Sept. 2, 2008 – Elpida’s recently unveiled plan to create a $5B DRAM JV in China’s Jiangsu Province is the final stage in an industry “turf war” with the ultimate prize being simply survival, according to CEO Yukio Sakamoto, in an interview with Japan’s Nikkei daily paper.
The still-slumping DRAM environment may not appear to support such a move, and Elpida posted a third consecutive quarter of net losses in its June quarter. But, he pointed, out, “All memory chip makers are struggling with worsening performance, so the industry is in effect in the final stage of a turf battle. In this situation, taking the offensive to force out rivals is an effective way to cut losses over the long term.”
Sakamoto told the paper that the investment will go forth because the company needs to have a production infrastructure that can be leveraged going forward toward profitability, even if DRAM prices fall below $2. This will be accomplished largely by the new factory’s 50nm capabilities, which will double the number of DRAMs on a single wafer.
As far as why build the site in China, Sakamoto noted that China is a big DRAM consumer, but most of all offers “generous preferential tax incentives” including eligibility for a 10-year corporate tax exemption, as well as local government assistance in construction and employee training. Because rival Samsung and other South Korean producers also get tax breaks, “we cannot compete unless we stand on a par in terms of preferential treatment,” he said.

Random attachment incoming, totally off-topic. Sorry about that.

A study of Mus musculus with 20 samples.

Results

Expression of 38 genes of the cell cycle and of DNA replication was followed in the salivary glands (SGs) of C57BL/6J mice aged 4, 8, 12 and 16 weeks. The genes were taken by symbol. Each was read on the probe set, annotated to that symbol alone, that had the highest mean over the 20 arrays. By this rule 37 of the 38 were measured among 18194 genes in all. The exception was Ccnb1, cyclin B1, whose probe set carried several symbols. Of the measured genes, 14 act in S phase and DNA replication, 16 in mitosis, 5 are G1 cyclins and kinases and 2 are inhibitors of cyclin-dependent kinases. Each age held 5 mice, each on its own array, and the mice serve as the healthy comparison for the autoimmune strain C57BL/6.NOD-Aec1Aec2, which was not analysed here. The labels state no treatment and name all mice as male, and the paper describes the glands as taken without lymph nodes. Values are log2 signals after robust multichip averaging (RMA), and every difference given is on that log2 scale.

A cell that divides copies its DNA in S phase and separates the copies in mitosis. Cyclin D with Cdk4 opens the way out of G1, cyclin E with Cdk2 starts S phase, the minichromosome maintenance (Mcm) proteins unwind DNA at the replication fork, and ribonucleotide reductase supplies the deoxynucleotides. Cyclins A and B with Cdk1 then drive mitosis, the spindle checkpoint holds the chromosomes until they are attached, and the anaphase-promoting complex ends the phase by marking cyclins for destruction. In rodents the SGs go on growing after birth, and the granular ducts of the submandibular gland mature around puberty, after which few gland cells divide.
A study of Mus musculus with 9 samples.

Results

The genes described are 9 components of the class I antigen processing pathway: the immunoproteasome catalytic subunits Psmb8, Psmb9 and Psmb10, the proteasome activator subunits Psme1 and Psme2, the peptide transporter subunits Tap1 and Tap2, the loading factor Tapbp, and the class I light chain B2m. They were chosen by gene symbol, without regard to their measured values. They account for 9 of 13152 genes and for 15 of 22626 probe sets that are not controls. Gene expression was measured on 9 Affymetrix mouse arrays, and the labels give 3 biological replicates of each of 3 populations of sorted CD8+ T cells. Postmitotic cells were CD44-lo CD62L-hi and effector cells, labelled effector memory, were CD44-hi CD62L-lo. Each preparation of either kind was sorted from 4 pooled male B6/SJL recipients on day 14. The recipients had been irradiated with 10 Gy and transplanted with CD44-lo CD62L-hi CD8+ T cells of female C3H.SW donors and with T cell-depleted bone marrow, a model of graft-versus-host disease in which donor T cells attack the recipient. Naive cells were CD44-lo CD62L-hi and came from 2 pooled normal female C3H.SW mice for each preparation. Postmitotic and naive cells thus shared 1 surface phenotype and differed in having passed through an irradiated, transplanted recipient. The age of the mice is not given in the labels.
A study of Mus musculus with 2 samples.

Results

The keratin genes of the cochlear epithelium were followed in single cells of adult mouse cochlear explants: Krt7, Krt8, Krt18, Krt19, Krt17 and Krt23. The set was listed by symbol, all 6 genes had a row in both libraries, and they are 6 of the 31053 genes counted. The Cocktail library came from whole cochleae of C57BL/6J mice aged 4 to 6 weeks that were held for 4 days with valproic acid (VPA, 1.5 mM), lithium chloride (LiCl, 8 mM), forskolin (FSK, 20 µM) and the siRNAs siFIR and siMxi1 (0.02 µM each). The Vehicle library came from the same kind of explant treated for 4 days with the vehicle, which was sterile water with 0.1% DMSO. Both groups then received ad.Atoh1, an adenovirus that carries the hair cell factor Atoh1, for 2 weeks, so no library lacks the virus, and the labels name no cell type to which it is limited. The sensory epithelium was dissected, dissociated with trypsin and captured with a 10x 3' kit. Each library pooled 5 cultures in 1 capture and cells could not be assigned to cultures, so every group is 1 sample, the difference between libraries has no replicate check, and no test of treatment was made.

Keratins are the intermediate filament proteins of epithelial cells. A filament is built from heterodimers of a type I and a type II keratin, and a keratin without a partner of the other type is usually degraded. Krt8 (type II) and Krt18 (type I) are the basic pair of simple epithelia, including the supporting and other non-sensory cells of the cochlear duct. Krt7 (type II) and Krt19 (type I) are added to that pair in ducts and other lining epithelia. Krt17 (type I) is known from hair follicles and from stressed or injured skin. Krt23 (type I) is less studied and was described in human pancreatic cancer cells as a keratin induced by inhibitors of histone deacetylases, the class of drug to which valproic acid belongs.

He further pushed the incentive issue by noting that Elpida will continue to invest in its JV in Taiwan with Powerchip, but plans no more buildups in Hiroshima, Japan (where it was already pulling back market glut-aggravating 65nm output) since it can’t get sweetheart deals from the government. The chip industry’s production-base has migrated from Japan to Taiwan, and is now moving on to China (and has carried equipment suppliers with it), he pointed out. “If the Japanese government wants to stop such a flow, it should have a firm resolution to offer a great deal of preferential measures for the industry.”
Though Elpida’s interest in the JV is limited to 39%, it will sell all the DRAM output under its own brand, he added. And the threat of technology leaks, though always a possibility, are seen as outweighed by the benefits of the Chinese JV. “As other industries are foraying into China, we see no reason why a semiconductor maker doing likewise should be regarded as a problem,” he said.
One problem that seems to have bruised DRAM market expectations was tightened Chinese customs regulations around the Beijing Olympics; chip shipments took longer to clear customs, DRAM imports into China stalled, and inventories piled up. But this unexpected short-term problem should “soon be resolved,” Sakamoto said.